We have heard recently in the news that travel companies were taking action against holidaymakers who were making fraudulent Holiday illness claims.

Well I’m delighted to report that Thomas Cook, have done just that and in a sitting at Liverpool County Court. A Judge has ordered a couple to pay court costs after they falsely claimed they had been taken ill on a Thomas Cook all-inclusive holiday.

In the small claims court, rules state claimants are not at risk of paying costs even if they lose the case, unless it can be demonstrated to the court that they had been fundamentally dishonest.

The judge at Liverpool County Court yesterday concluded the couple, who hoped to sue Thomas Cook for £10,000, had indeed been ‘fundamentally dishonest’ and had not suffered any illness at all. As such, the claimants were ordered to pay £3,744 within 28 days.


In June, ABTA launched a campaign to tackle the fraudulent claims problem, explaining that this culture was “one of the biggest issues that has hit the travel industry for many years”.It went on to say tens of thousands of holidaymakers had made claims in the past year – worth between £3,000 and £5,000 each – despite reported sickness levels in resorts remaining stable.

Chris Mottershead Thomas Cook’s MD


Court Case

Speaking after the court case, Thomas Cook’s managing director Chris Mottershead said the company would:

not accept liability” in such cases. “It’s not comfortable for us to be in court questioning our customers’ credibility, but the significant increase in unreported illness claims being received by the travel industry threatens holidays for all UK customers,” he said.
Thomas Cook said this is the first of a number of cases it will take to court where necessary when it sees claims for illness which were ‘unreported in resort and which demonstrate a clear lack of evidence’.

The couple booked a 14-day all-inclusive holiday for themselves and their two young children at the Parque Cristobal Hotel, Playa del Ingles, Gran Canaria from July 29-August 12 2013.

Three years later, without any prior warning, solicitors Bridger & Co of Landovery, Carmarthernshire, issued a claim for £10,000, saying the whole family had suffered gastroenteritis on the third day of their holiday as a result of inadequate food hygiene at the hotel.

They claimed symptoms had continued from the third day throughout the holiday until after the family’s  return to the UK.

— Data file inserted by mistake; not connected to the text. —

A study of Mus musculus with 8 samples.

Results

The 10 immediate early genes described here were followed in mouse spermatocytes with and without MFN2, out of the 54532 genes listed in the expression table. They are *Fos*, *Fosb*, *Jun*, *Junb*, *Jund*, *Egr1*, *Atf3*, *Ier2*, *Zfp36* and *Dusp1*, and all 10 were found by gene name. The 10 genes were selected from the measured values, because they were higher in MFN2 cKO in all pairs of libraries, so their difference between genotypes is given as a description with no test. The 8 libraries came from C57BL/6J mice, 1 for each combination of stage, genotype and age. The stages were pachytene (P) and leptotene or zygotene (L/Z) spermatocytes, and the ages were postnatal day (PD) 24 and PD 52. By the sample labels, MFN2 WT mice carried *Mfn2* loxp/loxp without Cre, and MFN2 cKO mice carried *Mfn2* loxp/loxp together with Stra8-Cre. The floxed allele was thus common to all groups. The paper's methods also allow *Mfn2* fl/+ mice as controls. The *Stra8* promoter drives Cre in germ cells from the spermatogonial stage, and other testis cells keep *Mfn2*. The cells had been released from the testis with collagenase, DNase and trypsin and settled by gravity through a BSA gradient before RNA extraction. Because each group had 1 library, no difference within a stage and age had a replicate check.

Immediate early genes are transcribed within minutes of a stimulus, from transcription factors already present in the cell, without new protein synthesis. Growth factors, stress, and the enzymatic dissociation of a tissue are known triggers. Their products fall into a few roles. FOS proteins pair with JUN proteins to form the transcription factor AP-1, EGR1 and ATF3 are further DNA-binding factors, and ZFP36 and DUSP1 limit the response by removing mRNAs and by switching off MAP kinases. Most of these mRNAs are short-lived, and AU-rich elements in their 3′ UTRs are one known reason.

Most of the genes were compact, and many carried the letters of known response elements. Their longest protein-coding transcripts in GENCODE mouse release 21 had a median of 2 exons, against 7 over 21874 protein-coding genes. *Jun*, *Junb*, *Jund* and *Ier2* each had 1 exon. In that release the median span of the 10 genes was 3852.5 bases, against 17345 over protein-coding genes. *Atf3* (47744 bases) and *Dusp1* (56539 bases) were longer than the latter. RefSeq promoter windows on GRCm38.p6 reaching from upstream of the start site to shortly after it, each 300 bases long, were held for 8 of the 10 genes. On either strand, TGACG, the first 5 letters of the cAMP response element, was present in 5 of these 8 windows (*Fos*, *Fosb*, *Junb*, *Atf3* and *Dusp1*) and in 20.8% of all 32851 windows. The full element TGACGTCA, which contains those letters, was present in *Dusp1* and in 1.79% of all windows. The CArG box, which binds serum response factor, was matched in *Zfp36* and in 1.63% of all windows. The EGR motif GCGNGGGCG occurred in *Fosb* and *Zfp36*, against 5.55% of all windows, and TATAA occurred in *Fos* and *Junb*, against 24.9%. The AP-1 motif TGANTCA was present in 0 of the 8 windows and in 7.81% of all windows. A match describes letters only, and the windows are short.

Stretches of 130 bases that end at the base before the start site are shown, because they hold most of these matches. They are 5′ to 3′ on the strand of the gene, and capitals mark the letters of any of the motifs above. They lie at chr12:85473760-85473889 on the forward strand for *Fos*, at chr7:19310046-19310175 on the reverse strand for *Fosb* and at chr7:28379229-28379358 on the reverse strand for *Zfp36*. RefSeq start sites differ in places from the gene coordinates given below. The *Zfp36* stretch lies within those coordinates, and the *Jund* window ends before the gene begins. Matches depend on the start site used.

However, Thomas Cook had evidence to the contrary, including the fact that on the return flight McIntyre had completed and handed in a detailed feedback questionnaire.

Although the section on illness was unanswered, in relation to the majority of the questions McIntyre recorded that the service supplied had been good or excellent.
McIntyre explained in court that the inconsistent questionnaire was filled in on the flight home after he had drunk six pints of lager and that entries were either randomly ticked or ticked so as to put a favourable gloss on the trip so that he would be more likely to benefit from a prize draw incentive for handing in the form.

Lavelle said that though her son and baby daughter had had diarrhoea and vomiting lasting around four-five days she had sought no medical treatment and that she had not felt any need to mention the family’s difficulties to hotel staff, the tour representative or anyone else.

  • She and her family had managed to make a four-hour flight home without incident despite on-going symptoms.
  • Upon the return home she and her partner returned to work the following day, and her children returned to nursery.
  • She had other reasons to see her GP within a few days and had made no mention of continuing gastroenteritis symptoms which she asserted at trial, in her witness statement, and to a medico-legal doctor.
  • Her baby daughter was also taken to see a GP six days after returning from holiday as a result of another illness, where Ms Lavelle discussed her recent holiday but made no mention of her child’s gastroenteritis to the doctor.

The judge therefore found that the claimants’ accounts were wholly implausible and they had not suffered any illness at all.

The court dismissed their claim and made an order that Julie Lavelle and Michael McIntyre, but not their children, would have to pay costs of £3,744 within 28 days.

Thomas Cook UK managing director Chris Mottershead said: “We’re pleased that the judge found in our favour.

“In these cases, we will not accept liability and we will take further action where we believe it is necessary to protect all of our customers.”


Lets hope that this judgement sends a clear message to the scammers and fraudsters who try and cripple the decent holiday companies who do their level best to provide a wonderful holiday experience to many thousands of tourists alike.


The page includes tips on how to avoid stomach upsets and urges customers to consult a doctor and report sickness to a Cook representative.

In her blog, group head of customer welfare Carol MacKenzie said the current “situation cannot go on” and warns customers not to be “fooled into lying about your experience abroad”.

She added: “It is our responsibility to protect our customers from the actions of a criminal minority. That means making sure our customers understand the risks involved in submitting false claims – no matter what claims firms say.”

The holiday illness guide is available online and is on display in all Cook resorts. It asks customers to report if they are encouraged to put in a false claim.